Filling Your Social Media Shopping Cart: Spree or Strategy?

The business section of today’s Cleveland Plain Dealer highlights local real estate investment trust company DDR Corp., which recently launched a social media campaign aimed to increase brand recognition and loyalty.  According to the Plain Dealer article, DDR’s social media strategy involves reaching out to consumers – a trend gaining momentum among real estate investment trusts as these companies compete to drive foot traffic to shopping centers, making them look more attractive to new tenants as they try to fill the ever-increasing space vacated by failed businesses.

Retail real estate investment trusts own shopping centers, and shopping centers need stores and shoppers to thrive.  Most of the time, if I need to shop, I go to the closest mall, or the mall with the trendiest stores.  Lately though, if I’m going to leave my house to shop, I want it to be a pleasant experience from start to finish.  I want to shop in a beautifully landscaped and well maintained space that has plenty of fresh air (no hot flashes in the check out line please); a decent foodcourt so I can buy my kids refreshments (bribes) if needed; the stores I’m looking for; and hey, a clean play area doesn’t hurt!  With more places to shop (and many of them electronic), shopping centers have to fight to keep tenants and to continue to drive shoppers to the stores.  For real estate investment trusts, and businesses in general, engaging in social media is mandatory.  I’d bet that most consumers don’t know who owns the malls they shop – perhaps because the ownership is invisible, or secondary to the retail stores they house, or maybe because consumers just don’t care.  I, for one, care about where I shop, the quality of the building, how it’s powered and patrolled, and where I park.  But the task of a social media strategist at a real estate investment trust seems a bit binary: is the aim to woo consumers or tenants?  If you want to attract a tenant to fill a retail space, why not start with the local population, crowdsource the tenant search a bit through online discussions about what kinds of shopping experiences they are after, and build demand from there?  Something akin to: “If you build it (demand), they (retail tenants) will come.”

I perused DDR’s social footprint, on Facebook, Twitter, YouTube and Pinterest but the pages were not easy to locate.  Maybe TimeWarner is having a slow day, and the search functions on Facebook and Pinterest could use some work (just in case anyone from there is listening; and DDR, maybe some search optimization or paid search ads would help direct traffic?), but the only way I could find the Facebook and Pinterest pages was by clicking on the Plain Dealer links.  Once there, I found some good things.  I got a sense of community involvement on Facebook that made me hungry for more.  On Pinterest, I found links to valutext.com, which offers location-based discounts by text message, akin to mailed ads only paper-free, and more likely to be read.  On YouTube, I learned about DDR’s “Set Up Shop” program, in which they lease to new, small business tenants rent-free for six months to fill empty space and stimulate local economies.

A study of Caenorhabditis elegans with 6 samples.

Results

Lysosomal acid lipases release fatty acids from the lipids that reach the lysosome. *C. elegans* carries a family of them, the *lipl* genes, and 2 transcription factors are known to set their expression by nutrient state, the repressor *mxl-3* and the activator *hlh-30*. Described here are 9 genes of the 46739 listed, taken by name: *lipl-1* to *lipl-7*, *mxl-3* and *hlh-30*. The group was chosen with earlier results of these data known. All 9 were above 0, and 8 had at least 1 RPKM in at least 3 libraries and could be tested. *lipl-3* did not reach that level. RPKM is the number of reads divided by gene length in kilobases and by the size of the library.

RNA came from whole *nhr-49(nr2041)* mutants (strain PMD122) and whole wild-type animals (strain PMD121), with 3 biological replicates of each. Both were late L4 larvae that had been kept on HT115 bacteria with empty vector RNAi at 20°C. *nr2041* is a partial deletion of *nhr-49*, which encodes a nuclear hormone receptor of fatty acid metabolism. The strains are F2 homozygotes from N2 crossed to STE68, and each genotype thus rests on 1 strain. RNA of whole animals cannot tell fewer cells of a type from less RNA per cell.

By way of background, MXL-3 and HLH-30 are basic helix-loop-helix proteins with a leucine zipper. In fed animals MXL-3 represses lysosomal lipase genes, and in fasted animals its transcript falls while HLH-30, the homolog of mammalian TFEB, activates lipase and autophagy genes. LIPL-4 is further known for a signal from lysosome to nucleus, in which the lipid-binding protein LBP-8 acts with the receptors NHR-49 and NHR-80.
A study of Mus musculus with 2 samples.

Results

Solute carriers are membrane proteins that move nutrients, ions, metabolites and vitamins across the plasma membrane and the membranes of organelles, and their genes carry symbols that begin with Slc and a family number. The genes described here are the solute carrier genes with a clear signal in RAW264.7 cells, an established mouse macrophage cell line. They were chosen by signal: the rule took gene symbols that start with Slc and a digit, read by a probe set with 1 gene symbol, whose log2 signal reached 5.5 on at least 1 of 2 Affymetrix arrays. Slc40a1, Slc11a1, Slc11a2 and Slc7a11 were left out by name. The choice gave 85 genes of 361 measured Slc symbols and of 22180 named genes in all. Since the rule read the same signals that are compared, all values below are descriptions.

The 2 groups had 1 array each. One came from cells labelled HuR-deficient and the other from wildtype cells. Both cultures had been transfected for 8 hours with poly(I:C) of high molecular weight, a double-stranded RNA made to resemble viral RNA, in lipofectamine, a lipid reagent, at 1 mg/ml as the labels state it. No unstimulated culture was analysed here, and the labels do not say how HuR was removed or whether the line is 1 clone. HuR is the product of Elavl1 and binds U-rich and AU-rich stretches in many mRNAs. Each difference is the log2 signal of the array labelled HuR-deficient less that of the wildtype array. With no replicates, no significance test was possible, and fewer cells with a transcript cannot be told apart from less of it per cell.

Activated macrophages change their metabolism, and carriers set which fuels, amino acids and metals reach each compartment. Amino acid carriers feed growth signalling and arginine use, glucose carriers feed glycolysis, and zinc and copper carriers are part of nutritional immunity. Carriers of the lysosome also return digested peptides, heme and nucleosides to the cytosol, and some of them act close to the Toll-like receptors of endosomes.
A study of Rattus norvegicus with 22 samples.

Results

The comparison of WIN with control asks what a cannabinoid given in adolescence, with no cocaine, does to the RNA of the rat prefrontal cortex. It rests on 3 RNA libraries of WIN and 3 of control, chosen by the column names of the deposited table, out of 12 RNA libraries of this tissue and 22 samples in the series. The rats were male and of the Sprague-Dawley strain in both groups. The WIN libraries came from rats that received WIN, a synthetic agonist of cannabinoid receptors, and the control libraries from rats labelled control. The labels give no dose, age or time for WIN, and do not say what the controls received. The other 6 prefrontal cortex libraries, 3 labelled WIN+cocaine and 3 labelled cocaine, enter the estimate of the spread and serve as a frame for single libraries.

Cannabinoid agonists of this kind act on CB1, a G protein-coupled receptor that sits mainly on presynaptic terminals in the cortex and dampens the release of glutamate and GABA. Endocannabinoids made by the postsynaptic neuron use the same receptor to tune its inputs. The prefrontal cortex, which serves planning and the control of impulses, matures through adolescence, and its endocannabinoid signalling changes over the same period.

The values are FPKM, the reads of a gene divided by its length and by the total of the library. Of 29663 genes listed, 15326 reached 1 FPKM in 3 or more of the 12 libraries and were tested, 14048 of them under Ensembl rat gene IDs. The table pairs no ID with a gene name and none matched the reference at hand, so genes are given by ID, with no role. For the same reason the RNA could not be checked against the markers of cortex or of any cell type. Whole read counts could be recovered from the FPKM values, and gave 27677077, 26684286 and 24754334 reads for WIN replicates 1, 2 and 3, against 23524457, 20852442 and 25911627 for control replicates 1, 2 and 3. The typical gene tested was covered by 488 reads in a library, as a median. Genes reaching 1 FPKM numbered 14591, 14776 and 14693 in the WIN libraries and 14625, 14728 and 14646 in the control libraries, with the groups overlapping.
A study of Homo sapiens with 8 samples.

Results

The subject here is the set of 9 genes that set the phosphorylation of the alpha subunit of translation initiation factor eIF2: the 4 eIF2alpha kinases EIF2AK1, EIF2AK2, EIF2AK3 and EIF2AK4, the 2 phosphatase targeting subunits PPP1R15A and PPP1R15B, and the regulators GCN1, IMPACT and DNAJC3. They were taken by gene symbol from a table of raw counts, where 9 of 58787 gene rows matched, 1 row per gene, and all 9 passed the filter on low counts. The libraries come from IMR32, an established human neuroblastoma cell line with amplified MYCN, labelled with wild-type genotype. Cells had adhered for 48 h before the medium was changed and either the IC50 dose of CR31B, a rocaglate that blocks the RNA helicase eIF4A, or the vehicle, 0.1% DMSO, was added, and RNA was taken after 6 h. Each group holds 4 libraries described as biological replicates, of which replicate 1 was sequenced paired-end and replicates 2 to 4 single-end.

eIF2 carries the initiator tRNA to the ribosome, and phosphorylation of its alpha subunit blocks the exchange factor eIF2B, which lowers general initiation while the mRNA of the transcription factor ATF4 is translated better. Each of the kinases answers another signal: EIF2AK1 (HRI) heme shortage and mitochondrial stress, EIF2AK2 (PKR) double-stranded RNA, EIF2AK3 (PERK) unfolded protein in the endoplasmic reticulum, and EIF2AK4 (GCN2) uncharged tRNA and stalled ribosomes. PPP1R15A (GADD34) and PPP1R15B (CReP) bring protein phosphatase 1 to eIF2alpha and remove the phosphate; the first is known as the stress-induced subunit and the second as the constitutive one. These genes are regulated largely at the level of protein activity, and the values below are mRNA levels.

To get to this consumer-focused content, however, I had to sort through press releases and business graphics.  Plain Dealer reporter Michelle Jarobe McFee refers to these graphics as whimsical.  Indeed, they are not your average pie charts, but they are still pie charts that explain the retail real estate business, and I’d like the sense of community to speak louder than the CEO on these platforms.  Yes, let the CEO speak, but let him tell me drinking Diet Coke for breakfast gives him a competitive edge, or that he does 100 sit-ups before he eats lunch in addition to (or instead of) business speak.  People who use social media don’t want the same content they could get by flicking on CNN Money or picking up a newspaper. They don’t want the typically stale press release.  They want engagement. Connection.  They want to see what it’s like to work for DDR. They want to see what it’s like to shop at a DDR shopping center.  They want know what the Company values.  They want to be inspired.

Some ways that DDR Corp. (and the company you work for) could increase engagement:

  • Share photographs of special events at malls that involve real people – not models.

More of this: DDR photo of Endeavor passing over mall

DDR chalk festival

DDR Wellness Center

NOT this:

DDR patriotic kids

No offense to the cute kids here, but this looks posed and is perhaps only engaging to mom and dad.

  • Encourage interaction by asking people to hit like to congratulate your organization for winning awards.
  • Include calls to action in Tweets to drive retweets.
  • Start a blog hosted on your company’s website (Google loves blogs, so this will increase your search optimization).
  • Consider establishing different, interest-tailored social communities: one for consumers, one for tenants, one for investors.
  • Host a contest that offers rewards for engagement/participation.

The bottom line is this: the social media landscape is a lot like Home Depot right now.  You push your cart down the aisles, a bit overwhelmed by all the options available.  You didn’t do any research before driving to the store, and you don’t really know how to unclog your sink, but were hoping to be inspired by the tools in the plumbing section.  You can either fill your cart up with all-things-plumbing, whether or not they are useful tools that will help you on your project, but because they look good and you may have seen a plumber on HGTV use this type of snake OR you can ask a professional (either a plumber or helpful Home Depot employees) for help.  With social media, the shopping spree is useless – strategy is key.